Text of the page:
Human Rights Group: Geneva Convention Requires US to Treat Guantanamo Bay Prisoners as POWs
Lawyers with the New York-based Center for Constitutional Rights (CCR), a leading constitutional rights and international human rights law group, said today that by failing to classify the Al Qaeda and Taliban prisoners held on Guantanamo Bay as prisoners of war, U.S. official may be committing a war crime.
According to CCR Vice President and international human rights attorney, Michael Ratner, Article 5 of the Third Geneva Convention clearly states that if there is “any doubt” as to whether those captured are prisoners of war; they must be treated as such “until such time as their status has been determined by a competent tribunal.” The U.S. Army, in fact, has regulations setting up such a tribunal to make such determinations. The United States has, however, failed to employ that tribunal and has made a blanket ruling that the prisoners are not P.O.W.s.
Secretary of Defense Rumsfeld had acknowledged that treating the prisoners, as P.O.W.S. would limit the government’s legal options with regard to trying them. Under the Geneva Convention POWS must be tried by the same courts and under the same procedures, as U.S. soldiers would be. Assuming any of the Guantanamo detainees committed war crimes, they could be tried by court martials or civilian courts but not by military tribunals. Bringing the P.O.W.S. to trial in a military tribunal, therefore, violates the convention. Under Article 130 of the Convention it is a serious crime, a “grave breach,” to deprive “a prisoner of war of the rights of fair and regular trial” required by the convention and is the basis for a war crimes prosecution.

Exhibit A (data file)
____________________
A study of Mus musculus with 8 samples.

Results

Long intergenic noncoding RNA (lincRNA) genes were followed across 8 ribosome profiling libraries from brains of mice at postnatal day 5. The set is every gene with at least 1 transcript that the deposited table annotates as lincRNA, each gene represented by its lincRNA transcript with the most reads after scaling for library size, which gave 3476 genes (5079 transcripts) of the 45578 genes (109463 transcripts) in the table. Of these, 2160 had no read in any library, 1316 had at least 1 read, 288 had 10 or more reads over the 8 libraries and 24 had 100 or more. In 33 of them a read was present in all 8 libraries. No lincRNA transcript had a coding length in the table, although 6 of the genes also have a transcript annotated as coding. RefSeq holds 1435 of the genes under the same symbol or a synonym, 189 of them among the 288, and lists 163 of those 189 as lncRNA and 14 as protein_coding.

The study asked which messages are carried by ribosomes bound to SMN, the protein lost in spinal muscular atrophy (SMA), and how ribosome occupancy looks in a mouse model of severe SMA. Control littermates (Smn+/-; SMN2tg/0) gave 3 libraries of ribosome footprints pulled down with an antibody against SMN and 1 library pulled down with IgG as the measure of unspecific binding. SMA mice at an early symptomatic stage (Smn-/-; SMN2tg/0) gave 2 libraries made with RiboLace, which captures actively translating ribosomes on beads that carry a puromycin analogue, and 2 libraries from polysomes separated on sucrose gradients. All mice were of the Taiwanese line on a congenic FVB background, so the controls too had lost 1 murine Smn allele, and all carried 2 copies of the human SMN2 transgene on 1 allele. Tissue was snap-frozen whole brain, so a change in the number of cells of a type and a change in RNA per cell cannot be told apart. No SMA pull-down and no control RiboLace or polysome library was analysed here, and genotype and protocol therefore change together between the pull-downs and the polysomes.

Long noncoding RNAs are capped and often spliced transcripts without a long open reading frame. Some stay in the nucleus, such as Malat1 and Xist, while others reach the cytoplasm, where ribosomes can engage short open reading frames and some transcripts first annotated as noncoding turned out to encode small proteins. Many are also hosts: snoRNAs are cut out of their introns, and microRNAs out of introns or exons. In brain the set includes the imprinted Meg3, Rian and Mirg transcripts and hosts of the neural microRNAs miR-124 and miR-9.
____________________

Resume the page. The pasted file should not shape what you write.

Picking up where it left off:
Says Ratner, who spent extensive time at Guantanamo Bay when he represented Haitian refugees being held there and has first hand experience of the conditions at the base, “The U.S. must adhere to the Geneva Conventions. Imagine if those were U.S. soldiers being held in cages in Guantanamo. We would insist that they receive the benefit of international legal protections. By creating new rules as we go along, the U.S. is jeopardizing the rights of U.S. soldiers who may one day be P.O.W.S.”
Added CCR Legal Director, William Goodman: “Picture this: Russian soldiers capture CIA-trained Afghani Mujahadeen circa 1980 and send them to Cuba where they are held in cages. It doesn’t take much imagination to conjure the State Department’s forceful response: Obey the Geneva Conventions and treat this mean as P.O.W.S.,” he said, “We need to do this rights.”